With the need for satellite data to be received more frequently for faster weather forecasting updates in the Arctic, ESA has signed a contract with OHB Sweden to a build prototype satellite for the Arctic Weather Satellite mission.

This prototype is the forerunner of a potential constellation of satellites that would supply an almost constant stream of temperature and humidity data from every location on Earth – allowing, for the first time, for very short-range weather forecasting, or ‘nowcasting’, in the Arctic. Meteorologists will also use the mission to improve weather forecasts around the world.

Accurate weather forecasts are an essential part of everyday life, used from simply deciding what clothes to wear to planning crop harvesting, ship routing and managing renewable energy resources.

Today, satellites, both those in geostationary orbit and in polar orbit, provide a wealth of information that meteorologists use routinely to forecast the weather, however, the monitoring of the Arctic remains insufficient.

Europe’s Meteosat geostationary satellites positioned 36 000 km above the equator return images every 15 minutes over the full Earth and every five minutes over Europe, they have no visibility of higher latitudes, closer to the poles, and so cannot be used for Arctic weather forecasting.

While the MetOp satellites do return data over the poles as they a circle Earth from pole to pole in a lower orbit, they need up to 24 hours to achieve global coverage.

By providing global measurements of atmospheric temperature and humidity with frequent revisit times, the polar-orbiting Arctic Weather Satellite mission will complement MetOp and its counterpart US NOAA Joint Polar Satellite System. This will improve weather forecasts specifically in the Arctic, which has so far been lacking the data needed for short-term forecasts.

The Arctic Weather Satellite mission is foreseen as an eventual constellation – but as a first step, ESA has now put in place a contract to develop, build, launch and operate a prototype satellite. This also embraces the New Space approach by proving new concepts in a cost-effective and timely manner.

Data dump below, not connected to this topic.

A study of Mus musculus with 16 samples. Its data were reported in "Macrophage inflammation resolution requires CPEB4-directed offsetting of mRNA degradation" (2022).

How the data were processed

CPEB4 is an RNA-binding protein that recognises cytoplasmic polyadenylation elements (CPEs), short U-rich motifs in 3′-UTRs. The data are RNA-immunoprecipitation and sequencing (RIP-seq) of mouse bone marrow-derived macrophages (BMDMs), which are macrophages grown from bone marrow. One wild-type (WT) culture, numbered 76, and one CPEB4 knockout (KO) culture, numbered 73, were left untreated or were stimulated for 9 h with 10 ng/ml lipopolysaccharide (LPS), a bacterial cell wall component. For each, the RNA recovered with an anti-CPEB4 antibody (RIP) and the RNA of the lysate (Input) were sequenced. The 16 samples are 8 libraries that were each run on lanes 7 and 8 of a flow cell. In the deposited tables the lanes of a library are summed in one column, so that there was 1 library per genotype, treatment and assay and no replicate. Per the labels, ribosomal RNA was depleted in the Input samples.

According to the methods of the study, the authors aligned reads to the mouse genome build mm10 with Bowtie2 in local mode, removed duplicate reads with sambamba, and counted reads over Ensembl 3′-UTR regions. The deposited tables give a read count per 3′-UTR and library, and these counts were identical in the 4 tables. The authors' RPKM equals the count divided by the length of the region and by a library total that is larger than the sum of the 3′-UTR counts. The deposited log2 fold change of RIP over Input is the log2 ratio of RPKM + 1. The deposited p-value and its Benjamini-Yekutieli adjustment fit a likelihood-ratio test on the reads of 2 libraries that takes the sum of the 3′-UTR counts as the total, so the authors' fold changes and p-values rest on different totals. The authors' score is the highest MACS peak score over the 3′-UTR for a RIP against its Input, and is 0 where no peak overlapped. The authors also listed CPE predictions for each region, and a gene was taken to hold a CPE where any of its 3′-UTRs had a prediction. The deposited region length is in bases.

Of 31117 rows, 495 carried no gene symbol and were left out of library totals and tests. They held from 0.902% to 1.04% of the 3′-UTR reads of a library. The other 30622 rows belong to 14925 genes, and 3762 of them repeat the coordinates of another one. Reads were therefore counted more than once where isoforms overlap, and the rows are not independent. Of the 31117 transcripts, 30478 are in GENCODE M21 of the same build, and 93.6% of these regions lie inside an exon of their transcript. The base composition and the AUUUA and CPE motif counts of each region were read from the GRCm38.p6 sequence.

The contract, which is worth over €32 million, was signed today by Toni Tolker-Nielsen, ESA’s Acting Director of Earth Observation Programmes and Benoit Mathieu, Managing Director of OHB Sweden. Mr Tolker-Nielsen said, “The Arctic Weather Satellite development contract demonstrates ESA’s continued commitment to the establishment of novel, state-of-the-art meteorological satellite systems, while also showcasing what can be achieved with a cost-effective, New Space approach.”

The satellite will carry a 19-channel cross-track scanning microwave radiometer, providing high-resolution humidity and temperature soundings of the atmosphere in all weather conditions.

OHB Sweden leads the industrial consortium, which includes Omnisys Sweden as the prime contractor for the microwave radiometer and Thales Alenia Space as prime contractor for the ground segment. The industrial team includes 31 companies, including 14 small and medium-sized enterprises from 12 ESA Member States.

Benoit Mathieu added, “This is the third mission relying on our Innosat platform. With this contract, OHB Sweden’s Innosat platform proves its New Space character suitable for a cost-effective and reliable Arctic Weather Satellite constellation and beyond.”

Looking forward, ESA would develop the envisaged constellation in cooperation with EUMETSAT, along the same agreement that led to the implementation of the generations of Meteosat and MetOp satellites.

Phil Evans, Director General of EUMETSAT, said, “We welcome today’s signature, as EUMETSAT is committed to working with ESA to evaluate the Arctic Weather Satellite in-orbit data. In complement to the observations from our Second Generation of MetOp satellites, we would expect any future Arctic Weather Satellite system to have a positive impact on meteorological applications, from regional and global numerical weather prediction to nowcasting in the Arctic region, where it will bring important and missing observations.

“EUMETSAT and ESA will also work together in assessing the technical feasibility and cost of a future operational constellation of such Arctic Weather Satellites which, if agreed by our Member States, would be implemented by EUMETSAT.”